Written by Amy Beecham
Forget compatibility, charm and cheekbones. 2022’s daters are looking for this subtle personality trait over all else.
While it’s important to know what you want from a relationship, a rigid checklist of features your potential partner has to have can somewhat limit your prospects.
How highly factors like humour, values and ambition are ranked differs from person to person, but according to data from Match, in 2020, 90% of singles ranked physical attractiveness as an important quality.
It’s not surprising – there’s actually a lot of science behind lust and chemistry, as high levels of dopamine and a related hormone, norepinephrine, are released during attraction.
However, in the two years since, there appears to have been a paradigm shift. In Match’s latest report, which was released in late 2021, just 78% agreed.
So what has changed, and what are singles looking for instead? The answer: the subtle yet valuable trait of emotional intelligence.
Defined by the experts at VeryWellMind as “the ability to perceive, control and evaluate emotions”, it involves not just expressing your own feelings but understanding, interpreting and responding to the emotions of others.
Having empathy for others, displaying self-awareness, accepting responsibility for your actions and setting boundaries when you need to are all considered key pillars of emotional intelligence.
And it makes sense. A partner will never be able to read your mind, but it’s important that they can pick up on the signs when you’re feeling low, need support or that they need to tread carefully. When someone doesn’t notice, it can make you feel misunderstood or neglected.
“When we’re dating we usually want someone kind and compassionate, but that doesn’t always translate to who we end up dating,”Puja McClymont, a life and business coach, tells Stylist.
“If we are all more emotionally intelligent, we are less likely to have excessive arguments with our partners. We will be more aware of allowing them space to air their grievances and then choose how we want to respond, rather than reacting to what we’re hearing.”
McClymont highlights the ability to have a conversation without harsh disagreement as a “green flag” of emotional intelligence. “The person may also be less judgmental, more inquisitive and interested in the other person rather than just talking about themselves,” she adds.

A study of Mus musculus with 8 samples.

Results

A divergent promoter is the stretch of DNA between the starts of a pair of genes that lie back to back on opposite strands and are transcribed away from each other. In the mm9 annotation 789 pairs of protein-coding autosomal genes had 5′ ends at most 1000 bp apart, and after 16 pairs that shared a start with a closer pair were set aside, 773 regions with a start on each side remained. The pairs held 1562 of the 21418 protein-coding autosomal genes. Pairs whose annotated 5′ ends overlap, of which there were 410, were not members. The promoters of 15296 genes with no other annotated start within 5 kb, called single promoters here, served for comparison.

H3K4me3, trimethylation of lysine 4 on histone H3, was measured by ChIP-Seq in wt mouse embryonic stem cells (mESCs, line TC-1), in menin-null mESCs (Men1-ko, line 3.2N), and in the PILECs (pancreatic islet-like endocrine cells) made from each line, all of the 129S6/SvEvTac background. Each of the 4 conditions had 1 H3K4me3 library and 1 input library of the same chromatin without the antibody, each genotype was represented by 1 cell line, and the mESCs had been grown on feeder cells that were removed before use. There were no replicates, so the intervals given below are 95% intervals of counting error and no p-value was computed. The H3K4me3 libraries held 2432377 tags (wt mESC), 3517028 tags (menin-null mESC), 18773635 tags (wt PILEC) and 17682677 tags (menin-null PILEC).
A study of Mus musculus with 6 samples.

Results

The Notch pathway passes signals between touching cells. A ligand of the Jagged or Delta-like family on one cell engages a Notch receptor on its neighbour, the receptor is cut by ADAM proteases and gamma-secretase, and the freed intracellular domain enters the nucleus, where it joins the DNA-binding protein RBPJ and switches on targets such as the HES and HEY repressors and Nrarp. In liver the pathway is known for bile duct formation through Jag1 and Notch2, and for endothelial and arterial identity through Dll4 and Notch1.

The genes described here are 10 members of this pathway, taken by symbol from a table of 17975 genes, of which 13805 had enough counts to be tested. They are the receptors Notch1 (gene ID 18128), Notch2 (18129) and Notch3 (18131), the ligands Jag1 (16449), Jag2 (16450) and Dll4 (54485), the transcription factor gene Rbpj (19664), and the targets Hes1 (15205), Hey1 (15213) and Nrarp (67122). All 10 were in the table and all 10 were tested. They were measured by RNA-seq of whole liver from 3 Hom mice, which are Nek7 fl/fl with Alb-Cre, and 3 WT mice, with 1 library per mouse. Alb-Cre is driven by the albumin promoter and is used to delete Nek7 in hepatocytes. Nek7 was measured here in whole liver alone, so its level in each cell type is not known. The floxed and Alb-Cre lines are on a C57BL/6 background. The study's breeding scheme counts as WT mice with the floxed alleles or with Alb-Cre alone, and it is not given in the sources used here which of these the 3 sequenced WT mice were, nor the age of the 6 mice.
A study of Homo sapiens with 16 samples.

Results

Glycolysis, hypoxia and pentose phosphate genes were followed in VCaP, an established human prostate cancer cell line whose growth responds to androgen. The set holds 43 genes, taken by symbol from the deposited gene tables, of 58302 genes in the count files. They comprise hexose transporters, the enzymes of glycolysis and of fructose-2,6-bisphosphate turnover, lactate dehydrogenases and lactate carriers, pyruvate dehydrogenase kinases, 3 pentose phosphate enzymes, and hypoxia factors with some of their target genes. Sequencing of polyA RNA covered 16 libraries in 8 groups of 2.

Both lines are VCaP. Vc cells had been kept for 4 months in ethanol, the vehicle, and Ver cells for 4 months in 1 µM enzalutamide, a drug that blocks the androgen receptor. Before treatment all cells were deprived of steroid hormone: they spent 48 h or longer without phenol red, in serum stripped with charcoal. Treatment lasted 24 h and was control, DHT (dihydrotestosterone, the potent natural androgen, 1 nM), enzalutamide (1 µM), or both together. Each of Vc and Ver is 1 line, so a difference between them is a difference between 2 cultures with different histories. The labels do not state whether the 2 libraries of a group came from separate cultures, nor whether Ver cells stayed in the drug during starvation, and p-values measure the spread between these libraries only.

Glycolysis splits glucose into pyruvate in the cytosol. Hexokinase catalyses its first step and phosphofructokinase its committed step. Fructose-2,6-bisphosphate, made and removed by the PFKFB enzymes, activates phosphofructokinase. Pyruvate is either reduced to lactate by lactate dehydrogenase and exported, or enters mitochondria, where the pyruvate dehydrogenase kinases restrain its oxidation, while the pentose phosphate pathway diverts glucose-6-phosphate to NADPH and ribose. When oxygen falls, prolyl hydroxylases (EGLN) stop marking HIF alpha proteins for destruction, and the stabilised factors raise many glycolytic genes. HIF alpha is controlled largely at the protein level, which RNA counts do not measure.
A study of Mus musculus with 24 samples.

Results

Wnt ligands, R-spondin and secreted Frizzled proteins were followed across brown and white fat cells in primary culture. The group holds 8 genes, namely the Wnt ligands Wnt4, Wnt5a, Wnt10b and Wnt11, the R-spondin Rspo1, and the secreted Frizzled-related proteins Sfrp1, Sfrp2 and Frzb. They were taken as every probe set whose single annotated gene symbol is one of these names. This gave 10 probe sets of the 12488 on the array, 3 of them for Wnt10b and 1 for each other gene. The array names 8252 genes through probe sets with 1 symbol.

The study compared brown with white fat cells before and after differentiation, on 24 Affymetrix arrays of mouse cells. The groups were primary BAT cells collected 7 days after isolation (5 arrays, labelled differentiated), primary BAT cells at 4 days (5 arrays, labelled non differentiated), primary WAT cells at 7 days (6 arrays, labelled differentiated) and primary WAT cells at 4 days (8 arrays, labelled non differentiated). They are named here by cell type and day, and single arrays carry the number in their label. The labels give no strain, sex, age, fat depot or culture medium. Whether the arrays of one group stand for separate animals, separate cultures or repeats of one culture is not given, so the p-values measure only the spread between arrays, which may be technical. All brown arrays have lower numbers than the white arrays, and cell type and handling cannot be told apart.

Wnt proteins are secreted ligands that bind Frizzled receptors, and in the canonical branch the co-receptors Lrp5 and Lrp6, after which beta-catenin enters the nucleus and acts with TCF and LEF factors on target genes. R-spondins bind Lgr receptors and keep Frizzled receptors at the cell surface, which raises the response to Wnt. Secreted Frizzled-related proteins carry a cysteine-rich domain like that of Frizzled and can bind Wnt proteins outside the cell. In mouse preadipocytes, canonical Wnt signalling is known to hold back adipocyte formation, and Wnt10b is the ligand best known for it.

But what does it actually look like in the often chaotic world of dating?
“Being able to empathise and understand how your partner is feeling is probably one of the main things that is going to make a relationship a success,” explains Laura Buckley, a matchmaker and dating coach.
“Both partners want to feel heard and supported, and if this doesn’t happen, it can create conflict and doubt. People talk a lot about having their physical needs met but rarely talk about having their emotional needs met.”
“Being emotionally intelligent means that you are clear on what you want and what is important to you within a relationship,” she continues. “It’s about not having to always second-guess how someone feels and what they want – because they can tell you.”
Buckley suggests that dates with higher emotional intelligence are less likely to ghost you. “Firstly, they better understand the emotional harm that could cause for the other person, but they also have the emotional language to let someone down gently rather than just disappearing.”
However, Buckley stresses that it’s important not to assume a potential partner has the same level of emotional intelligence as you.
“I think people with emotional intelligence sometimes struggle to understand that not all people have it,and that it doesn’t come easy to some people,” she says.
“There’s a big difference between someone deliberately ignoring or misunderstanding you and someone with low emotional intelligence. It’s something that can absolutely be learned and honed with age and experience, so remember to be patient with any potential partner.”